Sunday, September 21, 2008

The Lady of Shalott and Pre-Raphaelite Women

The book I just finished reading, Pre-Raphaelite Art in the Victoria & Albert Museum, had an interesting quote. I'd love to know what everyone thinks of it.


All three artists, Burne-Jones, Rossetti and Sandys, were more interested in depicting their ideal of feminine beauty than exploring the characters of real women. By the mid-1860s, they had established a 'type', and sought models who would conform to this image. They may not have been reproducing the conventional prettiness of the Victorian Miss, nor the placid features of Raphael's Virgins, which the early PRB tried so hard to avoid, yet Rossetti's voluptuous allegories, and Burne-Jones' sensitive waifs, were figments of their imagination rather than studies from nature. The aspirations of the women who modeled for these paintings, or who created works of art in their own right, were often obscured by the image constructed by the male artist. The fate of the women of the Pre-Raphaelite circle can sometimes resemble that of the Lady of Shalott. In her own sphere she is a singer and a weaver, but when she becomes subject to the male gaze, her skills are overlooked. In Lancelot's eyes, she is significant only because 'She has a lovely face.'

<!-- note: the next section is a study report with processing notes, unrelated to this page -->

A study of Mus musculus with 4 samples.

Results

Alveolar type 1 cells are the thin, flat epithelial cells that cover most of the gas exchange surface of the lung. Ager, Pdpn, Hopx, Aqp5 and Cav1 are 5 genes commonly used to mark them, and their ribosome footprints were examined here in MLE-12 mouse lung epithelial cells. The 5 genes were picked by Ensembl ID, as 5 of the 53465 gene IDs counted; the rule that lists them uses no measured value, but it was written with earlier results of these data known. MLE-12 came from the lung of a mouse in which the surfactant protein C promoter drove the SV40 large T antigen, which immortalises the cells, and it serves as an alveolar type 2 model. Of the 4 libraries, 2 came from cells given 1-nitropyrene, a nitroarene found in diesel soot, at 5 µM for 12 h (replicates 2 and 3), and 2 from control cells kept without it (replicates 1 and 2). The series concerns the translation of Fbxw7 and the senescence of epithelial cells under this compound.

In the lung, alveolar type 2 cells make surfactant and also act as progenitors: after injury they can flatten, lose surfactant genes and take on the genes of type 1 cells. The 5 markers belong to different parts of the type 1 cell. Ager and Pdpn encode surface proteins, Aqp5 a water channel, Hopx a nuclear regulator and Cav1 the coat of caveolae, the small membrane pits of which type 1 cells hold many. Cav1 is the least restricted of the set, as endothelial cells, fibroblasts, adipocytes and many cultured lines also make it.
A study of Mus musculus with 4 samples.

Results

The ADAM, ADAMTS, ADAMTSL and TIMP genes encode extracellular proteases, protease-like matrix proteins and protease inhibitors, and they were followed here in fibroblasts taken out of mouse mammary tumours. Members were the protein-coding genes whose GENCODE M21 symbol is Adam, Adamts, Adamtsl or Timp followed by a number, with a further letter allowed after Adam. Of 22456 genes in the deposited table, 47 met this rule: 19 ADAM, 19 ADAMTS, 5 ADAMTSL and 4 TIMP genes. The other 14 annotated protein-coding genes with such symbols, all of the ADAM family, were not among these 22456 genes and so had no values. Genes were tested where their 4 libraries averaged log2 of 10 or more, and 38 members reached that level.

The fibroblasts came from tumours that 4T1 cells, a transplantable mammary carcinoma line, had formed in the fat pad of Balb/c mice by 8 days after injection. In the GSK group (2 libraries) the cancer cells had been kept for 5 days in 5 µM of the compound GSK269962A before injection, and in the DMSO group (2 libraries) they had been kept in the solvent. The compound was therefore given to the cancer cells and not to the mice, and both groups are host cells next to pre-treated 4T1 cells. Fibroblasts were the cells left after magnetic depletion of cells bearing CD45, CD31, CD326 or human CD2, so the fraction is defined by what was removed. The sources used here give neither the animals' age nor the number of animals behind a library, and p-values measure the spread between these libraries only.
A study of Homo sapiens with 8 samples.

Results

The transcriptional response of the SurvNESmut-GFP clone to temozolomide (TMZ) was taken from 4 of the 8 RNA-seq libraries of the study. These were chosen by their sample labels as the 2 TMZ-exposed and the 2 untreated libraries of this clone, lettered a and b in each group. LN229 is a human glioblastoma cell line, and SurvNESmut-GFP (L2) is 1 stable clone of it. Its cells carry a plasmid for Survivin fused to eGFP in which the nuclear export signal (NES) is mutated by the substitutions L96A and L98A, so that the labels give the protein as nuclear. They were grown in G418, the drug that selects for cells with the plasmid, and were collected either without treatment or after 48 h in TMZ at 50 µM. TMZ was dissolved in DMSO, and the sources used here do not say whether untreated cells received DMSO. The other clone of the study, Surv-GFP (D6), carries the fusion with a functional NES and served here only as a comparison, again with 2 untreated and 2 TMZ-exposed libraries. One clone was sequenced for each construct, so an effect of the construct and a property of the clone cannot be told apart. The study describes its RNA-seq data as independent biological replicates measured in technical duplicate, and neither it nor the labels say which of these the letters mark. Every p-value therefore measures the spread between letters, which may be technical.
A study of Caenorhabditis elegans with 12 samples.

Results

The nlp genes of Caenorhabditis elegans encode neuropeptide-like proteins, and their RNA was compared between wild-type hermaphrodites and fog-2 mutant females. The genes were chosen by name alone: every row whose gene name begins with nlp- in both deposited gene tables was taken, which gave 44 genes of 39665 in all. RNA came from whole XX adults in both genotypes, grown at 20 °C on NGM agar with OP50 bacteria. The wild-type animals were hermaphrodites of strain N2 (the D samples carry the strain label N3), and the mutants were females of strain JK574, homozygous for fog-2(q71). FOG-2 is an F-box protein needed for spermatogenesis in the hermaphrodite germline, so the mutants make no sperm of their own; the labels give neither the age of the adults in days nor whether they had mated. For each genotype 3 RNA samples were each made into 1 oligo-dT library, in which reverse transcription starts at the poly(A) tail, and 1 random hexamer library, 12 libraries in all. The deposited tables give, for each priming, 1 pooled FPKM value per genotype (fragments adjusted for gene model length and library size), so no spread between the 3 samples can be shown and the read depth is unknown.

-pg 133

I thought the parallel between the Pre-Raphaelite women and the Lady of Shalott was incredibly inspired.

4 comments:

Linden said...

Very interesting. And yes, inspired.

Lylassandra said...

Going back through the archives...

Actually, someone in my Victorian poetry class pointed out that Sir Lancelot gets a really bad rap here. After all, he's never seen this woman before; she just floats up dead. While everyone else reacts with fear, he comments on the only thing left to be said of her: she has a lovely face. He didn't know her at all, let alone well enough to say anything else about her. His significance in the poem is solely due to the Lady's interior life, and the reader's prenotions about him.

Grace said...

Well, he's certainly not to be blamed for the Lady's death...it was HER choice to get up and see the real world. It's just sad to think that in the context of Victorian times, a woman's worth was mostly tied up in her appearance.

Anonymous said...

In the versions of the story in which he hasn't met her, she hasn't met him, either. The descriptions of how he looks riding along the river in the sunshine are some of the best descriptions of pure male beauty I can think of.